Mauritania: Authorities must stop using arbitrary arrests to crackdown on anti-slavery and anti-discrimination activists

“How” is a really important question. As researchers in Health Services, we often focus all of our work on the “what” and forget about the “how.” What do we do to solve a problem? What groups are at the highest risk? What policies are up for debate?

At this year’s Academy Health Annual Research Meeting, our industry was challenged to think through how each of us could create impact. The conversation started with Sachin Jain, the keynote speaker, who asked how we focus on the local relevance of our work. Lisa Simpson, Academy Health president, also challenged us to think about how we are building a foundation for the future of health care.

From “Making Research Stick” to “Storytelling Superhero”, RTI is on a quest to define and implement the “how.” At the 2019 event in Washington, D.C, we asked attendees to tell us how their research applied to the following broader policy areas: Shared decision making, Treating Everyone Equitably, Improving Quality, Climbing Costs, and Keeping Populations Healthy. Understanding where and how research is applied is critical to moving the best ideas forward.

In our work at RTI, we provide value in two ways. We identify best practices through rigorous evaluation, and we turn those practices into action by addressing how to implement these big ideas. Through our work with alternative payment models like Medicare’s Shared Savings Program and Comprehensive Primary Care Plus Initiative, among others, we’re helping policymakers address not just the “what” of health services, but the “how.” For example, how advances in health information technology (health IT) help providers close gaps in care sooner.

How can we continue the momentum of our research and increase impact? When it comes to health IT, a few ideas come to mind. In one plenary session discussing the 10th anniversary of the American Recovery and Reinvestment Act and the Health Information Technology for Economic and Clinical Health Act, policymakers looked back on the progress we’ve made in advancing health IT. We should continue our momentum and build on policies that facilitate health information exchange—making sure stakeholders across the continuum, from public health agencies to payers, have access to health information they need when they need it. We should continue evaluating technology-based interventions, such as telehealth and clinical decision support, and telling stories about how these technologies improve patients’ lives. We should continue promoting lessons learned from value-based care models—demonstrating how providers use social determinants of health data to identify high risk patients.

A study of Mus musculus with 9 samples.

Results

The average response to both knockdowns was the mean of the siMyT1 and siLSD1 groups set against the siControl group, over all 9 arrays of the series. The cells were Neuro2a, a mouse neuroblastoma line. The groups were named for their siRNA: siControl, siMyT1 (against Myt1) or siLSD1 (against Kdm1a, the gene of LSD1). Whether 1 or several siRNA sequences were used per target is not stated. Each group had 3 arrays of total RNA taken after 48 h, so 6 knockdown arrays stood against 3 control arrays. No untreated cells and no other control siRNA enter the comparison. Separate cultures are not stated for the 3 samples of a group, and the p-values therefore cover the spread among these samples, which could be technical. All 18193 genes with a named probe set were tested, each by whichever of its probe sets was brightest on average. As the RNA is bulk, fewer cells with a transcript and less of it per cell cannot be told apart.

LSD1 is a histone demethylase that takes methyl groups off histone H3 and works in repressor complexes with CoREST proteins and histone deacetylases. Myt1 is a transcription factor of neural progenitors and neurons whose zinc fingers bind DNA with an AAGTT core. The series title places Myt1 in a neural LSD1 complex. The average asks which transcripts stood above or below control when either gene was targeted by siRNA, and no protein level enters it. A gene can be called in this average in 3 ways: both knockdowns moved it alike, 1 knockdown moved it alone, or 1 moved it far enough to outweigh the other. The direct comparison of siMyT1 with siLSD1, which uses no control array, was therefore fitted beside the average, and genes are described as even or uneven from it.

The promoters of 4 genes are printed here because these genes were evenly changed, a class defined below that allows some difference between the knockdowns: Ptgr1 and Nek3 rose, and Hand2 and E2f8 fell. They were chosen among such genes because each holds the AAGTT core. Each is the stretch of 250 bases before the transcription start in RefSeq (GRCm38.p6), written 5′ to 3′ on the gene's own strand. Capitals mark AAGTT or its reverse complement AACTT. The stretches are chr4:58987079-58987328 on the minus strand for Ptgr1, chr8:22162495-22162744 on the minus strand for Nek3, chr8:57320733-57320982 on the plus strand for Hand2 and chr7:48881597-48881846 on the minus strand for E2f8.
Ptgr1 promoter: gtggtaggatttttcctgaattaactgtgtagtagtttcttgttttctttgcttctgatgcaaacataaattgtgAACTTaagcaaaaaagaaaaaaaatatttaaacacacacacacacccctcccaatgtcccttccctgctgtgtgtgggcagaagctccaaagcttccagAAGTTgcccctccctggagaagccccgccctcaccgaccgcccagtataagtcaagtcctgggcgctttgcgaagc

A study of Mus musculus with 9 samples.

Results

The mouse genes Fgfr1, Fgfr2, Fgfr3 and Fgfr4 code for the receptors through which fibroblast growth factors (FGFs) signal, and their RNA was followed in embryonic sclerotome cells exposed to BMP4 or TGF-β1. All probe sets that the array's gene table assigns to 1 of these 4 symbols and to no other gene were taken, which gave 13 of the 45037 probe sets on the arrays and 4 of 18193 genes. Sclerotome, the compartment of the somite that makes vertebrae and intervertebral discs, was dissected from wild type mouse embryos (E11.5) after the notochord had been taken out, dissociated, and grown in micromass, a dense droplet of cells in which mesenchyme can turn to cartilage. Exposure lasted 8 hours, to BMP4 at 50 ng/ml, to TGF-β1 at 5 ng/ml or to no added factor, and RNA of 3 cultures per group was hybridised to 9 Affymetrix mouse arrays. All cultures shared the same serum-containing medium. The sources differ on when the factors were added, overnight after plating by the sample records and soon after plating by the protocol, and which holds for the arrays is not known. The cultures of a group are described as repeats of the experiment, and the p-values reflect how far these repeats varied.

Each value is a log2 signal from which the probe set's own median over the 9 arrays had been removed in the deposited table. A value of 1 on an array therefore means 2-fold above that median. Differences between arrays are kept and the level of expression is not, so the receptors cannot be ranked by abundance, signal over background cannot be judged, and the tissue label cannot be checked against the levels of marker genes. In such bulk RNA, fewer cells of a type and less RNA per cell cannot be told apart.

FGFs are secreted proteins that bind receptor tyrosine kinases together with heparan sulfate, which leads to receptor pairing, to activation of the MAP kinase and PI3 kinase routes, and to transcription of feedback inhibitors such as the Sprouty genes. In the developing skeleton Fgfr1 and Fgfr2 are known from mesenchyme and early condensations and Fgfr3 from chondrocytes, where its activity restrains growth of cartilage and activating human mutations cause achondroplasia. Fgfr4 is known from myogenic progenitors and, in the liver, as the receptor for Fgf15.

So, let’s think of our research not just as researchers, but as policymakers, as storytellers, as managers and executives, and ultimately, as patients. As we continue to test new models of care and new technologies, understanding the roles we play and the stories we need to tell are critical to getting us to better health in 2025, and beyond.

Source – bremington. The content of this article does not necessarily reflect the views or opinion of Global Diaspora News (www.GlobalDiasporaNews.com).